Response to: Comparative Analysis of 30-Day Readmission, Reoperation, and Morbidity between Posterior Cervical Decompression and Fusion Performed in Inpatient and Outpatient Settings

Publication date (electronic) : 2023 June 21
doi :
1Department of Orthopaedic Surgery, Mount Sinai Hospital, New York, NY, USA
2Department of Orthopaedic Surgery, Northwell Health Long Island Jewish Medical Center, New Hyde Park, NY, USA
Corresponding author: Junho Song Department of Orthopaedic Surgery, Long Island Jewish Medical Center, 270-05 76th Avenue, New Hyde Park, New York 11040, USA Tel: +1-631-741-3891, Fax: +1-516-463-5631, E-mail:
Received 2023 May 9; Accepted 2023 May 12.

Thank you very much for your insightful comments. Our investigation was aimed to compare 30-day outcomes between inpatient and outpatient posterior cervical decompression and fusion (PCDF) by utilizing the National Surgical Quality Improvement Program (NSQIP) database [1]. We appreciate you raising many important points regarding interpretation of data derived from the NSQIP database.

We agree that a major limitation of the NSQIP database in investigating this study question is the ambiguity regarding the definition of “outpatient surgery.” As the NSQIP database collects data from many unique institutions and providers, there is inherent heterogeneity introduced into the data pool, including heterogeneity in how each institution defines outpatient surgery. Nevertheless, many other studies have similarly relied on the NSQIP documentation of surgery setting to compare inpatient and outpatient data [2-5]. A potentially insightful analysis would be to perform a similar analysis with “outpatient” defined as length of hospital stay=0 as some previous studies have done [6,7].

As you have noted, our study lacks analysis of some important outcomes to consider when evaluating safety and efficacy of surgical procedures. This is another limitation inherent to the NSQIP database, which does not record spine-specific outcomes data, radiographic measures, or patient-reported outcome measures. For this reason, analysis of the construct stability based on follow-up radiographic evaluation was not possible. In addition, the study also lacks analysis of patient-reported outcomes. Such variables are critical elements in evaluating surgical outcomes, but investigation of these items cannot be performed utilizing the NSQIP database. Regarding the lack of overall cost-benefit measures, our study aimed to evaluate the outcome variables which may provide insight regarding the safety of outpatient PCDF, including readmission, reoperation, morbidity, and complications, and cost analysis was not a main goal of this study. Nevertheless, we agree that quantification of the potential differences in healthcare costs between inpatient and outpatient PCDF would be valuable and should be pursued in a future study.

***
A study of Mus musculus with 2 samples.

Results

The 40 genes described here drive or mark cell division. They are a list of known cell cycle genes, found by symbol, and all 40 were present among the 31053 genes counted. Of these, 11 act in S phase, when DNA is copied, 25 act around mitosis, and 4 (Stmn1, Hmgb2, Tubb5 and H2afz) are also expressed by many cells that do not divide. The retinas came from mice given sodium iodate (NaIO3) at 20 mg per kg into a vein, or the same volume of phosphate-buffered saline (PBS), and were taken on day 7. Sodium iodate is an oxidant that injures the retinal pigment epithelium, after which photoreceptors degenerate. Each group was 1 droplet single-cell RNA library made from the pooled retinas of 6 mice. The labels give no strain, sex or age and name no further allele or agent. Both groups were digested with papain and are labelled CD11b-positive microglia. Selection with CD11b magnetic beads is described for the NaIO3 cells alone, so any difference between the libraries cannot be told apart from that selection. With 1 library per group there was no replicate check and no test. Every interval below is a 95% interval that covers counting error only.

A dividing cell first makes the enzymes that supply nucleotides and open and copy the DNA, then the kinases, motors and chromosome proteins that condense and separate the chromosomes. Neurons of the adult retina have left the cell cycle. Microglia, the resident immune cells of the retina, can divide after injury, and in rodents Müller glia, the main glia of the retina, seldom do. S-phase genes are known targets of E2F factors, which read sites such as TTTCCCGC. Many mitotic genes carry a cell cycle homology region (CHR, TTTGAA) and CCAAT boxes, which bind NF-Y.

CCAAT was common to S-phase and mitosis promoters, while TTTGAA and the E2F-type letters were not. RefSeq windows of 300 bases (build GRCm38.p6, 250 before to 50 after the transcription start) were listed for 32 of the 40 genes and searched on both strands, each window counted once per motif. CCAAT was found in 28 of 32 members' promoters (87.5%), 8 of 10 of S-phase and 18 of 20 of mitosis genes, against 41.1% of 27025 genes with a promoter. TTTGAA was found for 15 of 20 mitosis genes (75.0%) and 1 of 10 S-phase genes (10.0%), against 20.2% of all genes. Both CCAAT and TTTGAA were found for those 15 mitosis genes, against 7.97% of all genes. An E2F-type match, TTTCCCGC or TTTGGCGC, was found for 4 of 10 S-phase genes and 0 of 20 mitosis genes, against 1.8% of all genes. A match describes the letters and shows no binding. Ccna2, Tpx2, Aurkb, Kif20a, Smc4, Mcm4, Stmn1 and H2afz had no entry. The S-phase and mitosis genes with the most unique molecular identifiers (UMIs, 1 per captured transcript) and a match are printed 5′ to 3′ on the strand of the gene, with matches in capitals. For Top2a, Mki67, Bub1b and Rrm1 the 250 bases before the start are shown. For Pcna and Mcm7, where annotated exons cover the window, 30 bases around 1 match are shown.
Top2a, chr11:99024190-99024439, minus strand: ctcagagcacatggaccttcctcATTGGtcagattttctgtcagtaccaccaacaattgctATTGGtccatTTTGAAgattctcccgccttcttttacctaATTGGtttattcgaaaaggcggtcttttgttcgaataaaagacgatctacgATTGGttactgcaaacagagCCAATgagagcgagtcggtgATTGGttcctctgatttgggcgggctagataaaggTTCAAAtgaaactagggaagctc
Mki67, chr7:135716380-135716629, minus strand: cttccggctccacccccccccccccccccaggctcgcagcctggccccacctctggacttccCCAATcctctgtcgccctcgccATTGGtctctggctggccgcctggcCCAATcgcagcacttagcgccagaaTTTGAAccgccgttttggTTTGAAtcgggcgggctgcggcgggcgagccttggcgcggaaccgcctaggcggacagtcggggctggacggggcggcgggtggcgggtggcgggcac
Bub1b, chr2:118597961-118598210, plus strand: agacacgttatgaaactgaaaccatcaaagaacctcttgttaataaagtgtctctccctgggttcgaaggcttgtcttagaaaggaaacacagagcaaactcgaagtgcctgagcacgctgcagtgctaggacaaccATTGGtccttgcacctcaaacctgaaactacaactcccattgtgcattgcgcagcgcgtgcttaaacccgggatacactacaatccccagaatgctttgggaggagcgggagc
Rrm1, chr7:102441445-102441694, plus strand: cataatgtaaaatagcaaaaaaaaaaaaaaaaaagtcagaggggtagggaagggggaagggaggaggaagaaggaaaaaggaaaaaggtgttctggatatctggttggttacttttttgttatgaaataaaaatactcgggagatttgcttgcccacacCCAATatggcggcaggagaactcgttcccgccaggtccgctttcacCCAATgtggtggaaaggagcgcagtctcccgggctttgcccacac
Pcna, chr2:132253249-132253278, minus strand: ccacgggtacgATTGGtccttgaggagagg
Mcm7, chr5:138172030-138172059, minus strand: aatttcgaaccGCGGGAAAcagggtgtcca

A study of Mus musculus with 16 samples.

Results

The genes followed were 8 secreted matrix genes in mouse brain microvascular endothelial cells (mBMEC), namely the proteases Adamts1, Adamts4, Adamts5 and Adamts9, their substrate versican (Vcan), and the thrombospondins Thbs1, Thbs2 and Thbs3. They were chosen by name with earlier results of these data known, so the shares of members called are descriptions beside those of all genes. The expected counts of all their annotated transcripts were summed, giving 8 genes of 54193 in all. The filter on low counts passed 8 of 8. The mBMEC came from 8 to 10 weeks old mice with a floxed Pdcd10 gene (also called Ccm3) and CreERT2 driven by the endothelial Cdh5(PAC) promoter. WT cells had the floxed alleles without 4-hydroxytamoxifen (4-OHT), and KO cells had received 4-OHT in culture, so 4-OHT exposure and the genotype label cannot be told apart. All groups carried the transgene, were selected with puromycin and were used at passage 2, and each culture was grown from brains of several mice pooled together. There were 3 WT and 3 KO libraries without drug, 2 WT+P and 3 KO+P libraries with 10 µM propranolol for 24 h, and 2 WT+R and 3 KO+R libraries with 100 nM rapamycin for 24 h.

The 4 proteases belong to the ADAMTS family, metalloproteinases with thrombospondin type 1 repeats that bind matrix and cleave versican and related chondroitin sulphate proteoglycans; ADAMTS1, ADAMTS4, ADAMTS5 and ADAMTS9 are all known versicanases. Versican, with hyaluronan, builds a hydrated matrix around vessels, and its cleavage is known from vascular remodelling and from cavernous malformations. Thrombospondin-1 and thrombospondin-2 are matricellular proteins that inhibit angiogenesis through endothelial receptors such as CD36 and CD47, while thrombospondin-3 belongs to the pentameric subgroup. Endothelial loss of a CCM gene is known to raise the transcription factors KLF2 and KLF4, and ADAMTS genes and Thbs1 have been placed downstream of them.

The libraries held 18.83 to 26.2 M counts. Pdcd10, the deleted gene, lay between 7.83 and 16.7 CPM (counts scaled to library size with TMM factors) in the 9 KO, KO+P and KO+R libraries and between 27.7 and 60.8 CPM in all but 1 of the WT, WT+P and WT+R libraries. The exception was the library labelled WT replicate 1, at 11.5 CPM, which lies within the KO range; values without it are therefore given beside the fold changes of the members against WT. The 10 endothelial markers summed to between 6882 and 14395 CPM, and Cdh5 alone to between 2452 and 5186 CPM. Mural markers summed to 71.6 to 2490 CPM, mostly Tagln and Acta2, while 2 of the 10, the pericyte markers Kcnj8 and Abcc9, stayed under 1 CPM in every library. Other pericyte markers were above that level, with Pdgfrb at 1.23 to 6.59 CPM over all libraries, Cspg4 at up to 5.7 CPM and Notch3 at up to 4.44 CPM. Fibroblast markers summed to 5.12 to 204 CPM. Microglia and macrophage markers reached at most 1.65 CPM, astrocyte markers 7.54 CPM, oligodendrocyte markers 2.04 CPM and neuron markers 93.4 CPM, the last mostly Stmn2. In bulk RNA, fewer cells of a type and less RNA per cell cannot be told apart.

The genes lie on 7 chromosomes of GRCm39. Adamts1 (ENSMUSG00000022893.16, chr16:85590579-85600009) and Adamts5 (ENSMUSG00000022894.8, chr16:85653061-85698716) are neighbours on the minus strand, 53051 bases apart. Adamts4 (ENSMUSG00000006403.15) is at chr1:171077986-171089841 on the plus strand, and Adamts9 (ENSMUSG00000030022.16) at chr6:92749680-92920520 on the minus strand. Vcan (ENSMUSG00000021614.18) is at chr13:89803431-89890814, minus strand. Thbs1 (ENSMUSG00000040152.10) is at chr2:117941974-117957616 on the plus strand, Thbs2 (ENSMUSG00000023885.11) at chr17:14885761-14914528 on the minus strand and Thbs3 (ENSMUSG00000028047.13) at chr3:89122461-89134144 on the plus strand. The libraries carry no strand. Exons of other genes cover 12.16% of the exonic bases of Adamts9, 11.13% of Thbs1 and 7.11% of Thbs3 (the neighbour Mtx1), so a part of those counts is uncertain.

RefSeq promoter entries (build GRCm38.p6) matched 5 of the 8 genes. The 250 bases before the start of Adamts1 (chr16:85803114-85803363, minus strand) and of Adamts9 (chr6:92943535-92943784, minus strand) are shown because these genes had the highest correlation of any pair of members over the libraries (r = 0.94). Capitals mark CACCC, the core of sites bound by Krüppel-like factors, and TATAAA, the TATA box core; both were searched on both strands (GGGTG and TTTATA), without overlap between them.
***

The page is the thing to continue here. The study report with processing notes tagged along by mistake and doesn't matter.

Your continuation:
Furthermore, we believe this study is valuable for providing an exploratory analysis of the differences in short-term outcomes between inpatient and outpatient PCDF. While there certainly exist variables which are not captured by the database, utilization of the NSQIP database allowed for a broad analysis including a large, multicenter study sample. We also agree that another limitation of the NSQIP database is that not every institution in the United States is involved and that there is likely a bias toward larger academic medical centers within the database. Despite this, the database currently includes over 600 hospitals across the country, contributing significant generalizability.

We would like to express our gratitude once again for your letter highlighting these important considerations when interpreting these data. As spine surgery continues to trend toward the outpatient setting, these will be critical factors to consider in all future studies, especially those utilizing large national databases with similar inherent limitations.


Conflict of Interest

No potential conflict of interest relevant to this article was reported.

Author Contributions

All the work was done by Junho Song and Austen David Katz.